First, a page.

Partnering to Uphold the Dignity of Marginalized Communities in Honduras
Dr. Eylin is a dentist and leads the health unit at the Chamelecon Military Complex, located outside of San Pedro Sula. The unit’s health is her responsibility. Partnering with the Episcopal Diocese of Honduras’ Siempre Unidos (Always United) ministry through the Siloe Project, she facilitates rapid HIV testing and follow-up, advocates for gender equality and speaks out against gender-based violence. Being a young woman in a leadership position in a traditionally male-dominated space has proven challenging but also a prime opportunity to affect change.
Dr. Eylin has helped reduce the rate of HIV/AIDS and other sexually transmitted diseases among the military personnel in her care. Calling the Siloe Project a “strategic partner,” Dr. Eylin is grateful for the professionalism of the team members who come to the military police complex to give talks about safer sex practices or to perform rapid HIV/AIDS testing.
Because of the work of the Siloe Project team, Dr. Eylin says, officers are “putting into practice what they have learned in the talks.” Without the Siloe Project, her unit would not have been able to achieve these results, she says.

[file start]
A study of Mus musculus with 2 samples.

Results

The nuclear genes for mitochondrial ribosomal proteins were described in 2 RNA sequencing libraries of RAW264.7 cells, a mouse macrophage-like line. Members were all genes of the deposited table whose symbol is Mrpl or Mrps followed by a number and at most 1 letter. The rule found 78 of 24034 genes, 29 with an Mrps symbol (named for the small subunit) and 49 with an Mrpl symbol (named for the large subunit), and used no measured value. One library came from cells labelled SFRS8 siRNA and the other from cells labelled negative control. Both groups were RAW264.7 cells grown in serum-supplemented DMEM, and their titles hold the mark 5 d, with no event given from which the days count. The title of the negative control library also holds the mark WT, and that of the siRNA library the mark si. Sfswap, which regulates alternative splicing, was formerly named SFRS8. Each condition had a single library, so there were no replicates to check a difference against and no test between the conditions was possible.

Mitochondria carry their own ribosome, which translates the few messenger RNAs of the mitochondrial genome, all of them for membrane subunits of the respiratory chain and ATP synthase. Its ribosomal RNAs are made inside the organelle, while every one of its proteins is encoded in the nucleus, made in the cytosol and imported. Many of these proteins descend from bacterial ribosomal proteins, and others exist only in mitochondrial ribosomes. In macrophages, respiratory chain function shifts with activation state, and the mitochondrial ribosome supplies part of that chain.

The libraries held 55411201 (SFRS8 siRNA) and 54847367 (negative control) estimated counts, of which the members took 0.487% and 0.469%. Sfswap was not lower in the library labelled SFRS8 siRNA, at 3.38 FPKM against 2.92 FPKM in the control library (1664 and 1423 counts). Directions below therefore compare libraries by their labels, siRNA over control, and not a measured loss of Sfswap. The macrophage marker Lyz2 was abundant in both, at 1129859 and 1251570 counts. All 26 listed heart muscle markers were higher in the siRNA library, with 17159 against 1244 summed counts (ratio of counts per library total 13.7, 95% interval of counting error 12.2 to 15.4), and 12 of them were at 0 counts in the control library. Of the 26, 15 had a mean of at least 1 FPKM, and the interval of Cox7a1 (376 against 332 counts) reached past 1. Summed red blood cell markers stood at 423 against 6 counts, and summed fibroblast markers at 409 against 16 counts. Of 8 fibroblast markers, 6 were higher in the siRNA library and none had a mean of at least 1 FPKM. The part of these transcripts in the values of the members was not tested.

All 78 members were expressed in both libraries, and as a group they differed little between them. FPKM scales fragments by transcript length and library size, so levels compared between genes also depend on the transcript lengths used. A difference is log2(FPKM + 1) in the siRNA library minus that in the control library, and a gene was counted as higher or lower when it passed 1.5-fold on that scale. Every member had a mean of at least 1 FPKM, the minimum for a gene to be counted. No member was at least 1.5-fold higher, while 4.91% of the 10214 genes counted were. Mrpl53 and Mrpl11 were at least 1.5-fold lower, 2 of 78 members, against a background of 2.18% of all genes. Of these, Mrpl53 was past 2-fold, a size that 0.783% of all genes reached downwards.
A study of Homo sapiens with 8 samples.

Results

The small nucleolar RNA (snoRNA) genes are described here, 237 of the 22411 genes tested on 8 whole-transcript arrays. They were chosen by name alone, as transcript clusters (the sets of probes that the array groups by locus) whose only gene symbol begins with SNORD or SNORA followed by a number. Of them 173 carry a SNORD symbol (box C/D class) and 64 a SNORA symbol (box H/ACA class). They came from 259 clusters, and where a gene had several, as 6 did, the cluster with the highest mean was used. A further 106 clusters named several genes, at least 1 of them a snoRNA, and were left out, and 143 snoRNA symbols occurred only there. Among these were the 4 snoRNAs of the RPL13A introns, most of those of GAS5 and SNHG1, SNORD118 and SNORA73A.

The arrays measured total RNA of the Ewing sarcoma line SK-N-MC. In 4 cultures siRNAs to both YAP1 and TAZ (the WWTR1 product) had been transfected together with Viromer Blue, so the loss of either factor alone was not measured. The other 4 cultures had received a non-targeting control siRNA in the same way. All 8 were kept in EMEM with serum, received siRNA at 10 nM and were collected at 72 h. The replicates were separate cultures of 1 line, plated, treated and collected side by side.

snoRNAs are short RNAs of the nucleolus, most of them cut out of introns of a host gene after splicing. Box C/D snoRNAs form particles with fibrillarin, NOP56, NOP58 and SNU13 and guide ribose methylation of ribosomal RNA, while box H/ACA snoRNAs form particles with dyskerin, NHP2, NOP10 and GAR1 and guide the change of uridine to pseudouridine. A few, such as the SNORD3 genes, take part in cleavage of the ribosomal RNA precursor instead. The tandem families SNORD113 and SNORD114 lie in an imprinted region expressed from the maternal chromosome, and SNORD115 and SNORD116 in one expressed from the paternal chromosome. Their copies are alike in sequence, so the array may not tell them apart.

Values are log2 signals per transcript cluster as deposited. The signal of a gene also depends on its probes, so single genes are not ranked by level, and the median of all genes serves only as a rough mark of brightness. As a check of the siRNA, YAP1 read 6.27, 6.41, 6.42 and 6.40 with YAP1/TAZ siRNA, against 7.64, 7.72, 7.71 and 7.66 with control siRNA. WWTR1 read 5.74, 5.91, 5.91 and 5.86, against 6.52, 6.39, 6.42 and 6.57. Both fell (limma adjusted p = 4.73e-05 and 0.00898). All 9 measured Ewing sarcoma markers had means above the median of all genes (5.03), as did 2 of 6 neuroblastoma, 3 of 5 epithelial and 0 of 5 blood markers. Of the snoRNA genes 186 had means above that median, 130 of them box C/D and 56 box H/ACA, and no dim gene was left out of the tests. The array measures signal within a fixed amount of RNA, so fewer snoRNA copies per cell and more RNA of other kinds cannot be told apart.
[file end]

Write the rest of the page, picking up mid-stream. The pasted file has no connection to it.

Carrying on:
However, the way that the pandemic isolated some officers eroded that progress, she notes. When new HIV cases were detected as a result, Dr. Eylin and the team at Siloe helped provide people the care they needed.
Episcopal Relief & Development partners with the Siloe Project to uphold the dignity of marginalized people such as commercial sex workers, LGBTQ+ people, people living in slums, incarcerated people and ethnic minority communities. The project aims to prevent sexual and gender-based violence through awareness education and by empowering faith leaders to speak out against violence. With your support, we are able to effect lasting change for women and marginalized communities in Honduras and around the world.
View Episcopal Relief & Development’s 2021 Annual Report for more stories of lasting change.